Lazy journalists lazily recycle tale of lazy journalism

I’ve been greatly enjoying the unfolding Wanky Balls saga initiated by Kat Arney this week. Kat is a fellow science writer, a scientist, and a PR at Cancer Research UK – in which capacity I sometimes find her output in my inbox. She is also a musician and blogger of some merit, which is what led to this week’s social networking sensation.

Kat noticed something odd about a photograph in the Independent newspaper on Saturday. It showed some people attending the Big Chill Festival and, startlingly, the caption claimed that the event began in 1994 as the ‘Wanky Balls Festival’.

After a little investigation, it seemed clear that this untrue claim was based on the simple repetition of a spot of wiki-vandalism. The term had been added, probably as a joke, to the Wikipedia entry for Big Chill.

There it had been seen by somebody at the Indy, most likely a subeditor who found that the words supplied with the picture by the photographer were just slightly insufficient for the space available. Needing an extra sentence, the sub dipped into Wikipedia, found the gem of a factoid, and – hey presto! –¬†the page was finished.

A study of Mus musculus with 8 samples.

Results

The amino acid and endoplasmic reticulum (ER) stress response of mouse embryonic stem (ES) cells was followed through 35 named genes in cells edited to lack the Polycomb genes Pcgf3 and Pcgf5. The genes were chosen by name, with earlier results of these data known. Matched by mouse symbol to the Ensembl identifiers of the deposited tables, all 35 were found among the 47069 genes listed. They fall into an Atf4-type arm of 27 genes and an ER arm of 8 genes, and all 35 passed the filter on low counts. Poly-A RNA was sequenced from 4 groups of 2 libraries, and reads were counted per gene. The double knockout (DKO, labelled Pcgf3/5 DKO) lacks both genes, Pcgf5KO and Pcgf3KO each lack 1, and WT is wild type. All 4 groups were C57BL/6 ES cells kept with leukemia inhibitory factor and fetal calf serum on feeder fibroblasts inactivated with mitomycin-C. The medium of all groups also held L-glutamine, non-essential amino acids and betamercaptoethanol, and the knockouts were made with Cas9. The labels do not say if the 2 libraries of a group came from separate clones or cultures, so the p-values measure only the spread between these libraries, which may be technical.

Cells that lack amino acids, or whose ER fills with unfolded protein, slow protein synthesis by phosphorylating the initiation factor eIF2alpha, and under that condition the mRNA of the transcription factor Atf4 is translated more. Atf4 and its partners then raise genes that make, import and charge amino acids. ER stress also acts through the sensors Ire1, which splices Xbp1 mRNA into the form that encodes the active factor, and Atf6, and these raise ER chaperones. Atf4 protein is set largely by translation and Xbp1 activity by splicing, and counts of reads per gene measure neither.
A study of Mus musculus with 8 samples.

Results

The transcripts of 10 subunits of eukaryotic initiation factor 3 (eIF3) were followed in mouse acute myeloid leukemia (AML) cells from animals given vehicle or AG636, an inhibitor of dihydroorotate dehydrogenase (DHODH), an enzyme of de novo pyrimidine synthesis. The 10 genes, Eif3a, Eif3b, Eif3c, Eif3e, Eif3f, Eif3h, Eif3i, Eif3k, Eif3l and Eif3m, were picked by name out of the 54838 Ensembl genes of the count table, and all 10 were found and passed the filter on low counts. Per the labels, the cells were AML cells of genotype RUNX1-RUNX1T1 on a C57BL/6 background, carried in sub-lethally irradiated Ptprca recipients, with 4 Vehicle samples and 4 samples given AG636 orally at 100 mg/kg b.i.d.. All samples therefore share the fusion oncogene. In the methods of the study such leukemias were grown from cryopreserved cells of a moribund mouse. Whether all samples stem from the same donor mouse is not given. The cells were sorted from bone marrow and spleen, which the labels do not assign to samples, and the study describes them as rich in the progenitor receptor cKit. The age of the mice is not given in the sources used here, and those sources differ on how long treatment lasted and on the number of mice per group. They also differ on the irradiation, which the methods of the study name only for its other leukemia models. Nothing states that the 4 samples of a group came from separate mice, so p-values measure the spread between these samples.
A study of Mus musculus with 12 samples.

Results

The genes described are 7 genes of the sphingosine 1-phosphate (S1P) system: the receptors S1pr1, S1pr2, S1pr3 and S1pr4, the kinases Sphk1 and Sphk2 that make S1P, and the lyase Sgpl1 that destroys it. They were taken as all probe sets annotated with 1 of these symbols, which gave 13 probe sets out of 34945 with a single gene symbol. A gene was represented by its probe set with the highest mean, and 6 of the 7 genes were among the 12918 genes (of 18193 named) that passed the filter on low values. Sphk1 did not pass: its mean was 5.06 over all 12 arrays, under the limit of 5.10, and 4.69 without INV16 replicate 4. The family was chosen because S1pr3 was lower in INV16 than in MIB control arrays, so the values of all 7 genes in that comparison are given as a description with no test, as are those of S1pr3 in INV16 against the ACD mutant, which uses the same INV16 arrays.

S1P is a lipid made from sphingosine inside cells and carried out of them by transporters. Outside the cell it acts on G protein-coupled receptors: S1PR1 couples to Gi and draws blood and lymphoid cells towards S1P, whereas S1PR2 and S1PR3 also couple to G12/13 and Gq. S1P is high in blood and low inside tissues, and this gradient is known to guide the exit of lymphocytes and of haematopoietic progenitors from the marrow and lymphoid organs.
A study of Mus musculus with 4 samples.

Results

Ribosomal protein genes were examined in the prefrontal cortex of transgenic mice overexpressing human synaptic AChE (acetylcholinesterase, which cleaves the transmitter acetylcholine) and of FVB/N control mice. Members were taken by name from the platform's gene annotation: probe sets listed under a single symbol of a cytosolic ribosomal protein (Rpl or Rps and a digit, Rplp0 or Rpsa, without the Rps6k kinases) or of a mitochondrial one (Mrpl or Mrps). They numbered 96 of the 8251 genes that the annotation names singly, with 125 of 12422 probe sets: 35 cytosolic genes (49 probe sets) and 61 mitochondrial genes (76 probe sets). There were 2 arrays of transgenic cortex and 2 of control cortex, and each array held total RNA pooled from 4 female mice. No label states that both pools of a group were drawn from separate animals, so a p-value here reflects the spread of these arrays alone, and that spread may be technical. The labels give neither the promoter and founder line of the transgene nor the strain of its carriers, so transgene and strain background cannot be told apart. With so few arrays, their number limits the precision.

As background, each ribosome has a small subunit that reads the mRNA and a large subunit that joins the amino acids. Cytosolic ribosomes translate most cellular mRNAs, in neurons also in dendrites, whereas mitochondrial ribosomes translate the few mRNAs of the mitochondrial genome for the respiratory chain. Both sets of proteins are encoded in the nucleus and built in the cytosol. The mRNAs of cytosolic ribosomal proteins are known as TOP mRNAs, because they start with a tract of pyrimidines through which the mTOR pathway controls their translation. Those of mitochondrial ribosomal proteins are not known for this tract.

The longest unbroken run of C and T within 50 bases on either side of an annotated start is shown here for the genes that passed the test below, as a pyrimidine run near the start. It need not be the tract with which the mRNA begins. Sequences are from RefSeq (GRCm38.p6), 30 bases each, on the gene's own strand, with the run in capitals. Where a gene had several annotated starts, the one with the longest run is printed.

Oh how we laughed, when Kat first blogged on the topic. Oh how we looked forward to the humiliating correction the newspaper might carry, and how we delighted in the potential for coverage in Private Eye and other esteemed organs.

And then the story really took off. Kat had blogged, and then tweeted and Facebooked the blog. The story was picked up in multiple places, including the Register, Subs’ Standard, and Bitter Wallet. Each of these revelled in the story, much as I’m doing, and each added their own take on the apparent lazy journalism. Tut tut, they all went.

But here’s the remarkable thing: they each reproduced the photograph of the newspaper clipping from Kat Arney’s blog. None of them thought to get their own copy of the paper, or take their own picture of it.

I know the Independent isn’t doing too well at the moment, but it is a national newspaper and copies aren’t that hard to come by.

Isn’t there an irony in the lazy reproduction of somebody else’s photograph, to illustrate¬†articles excoriating lazy journalism?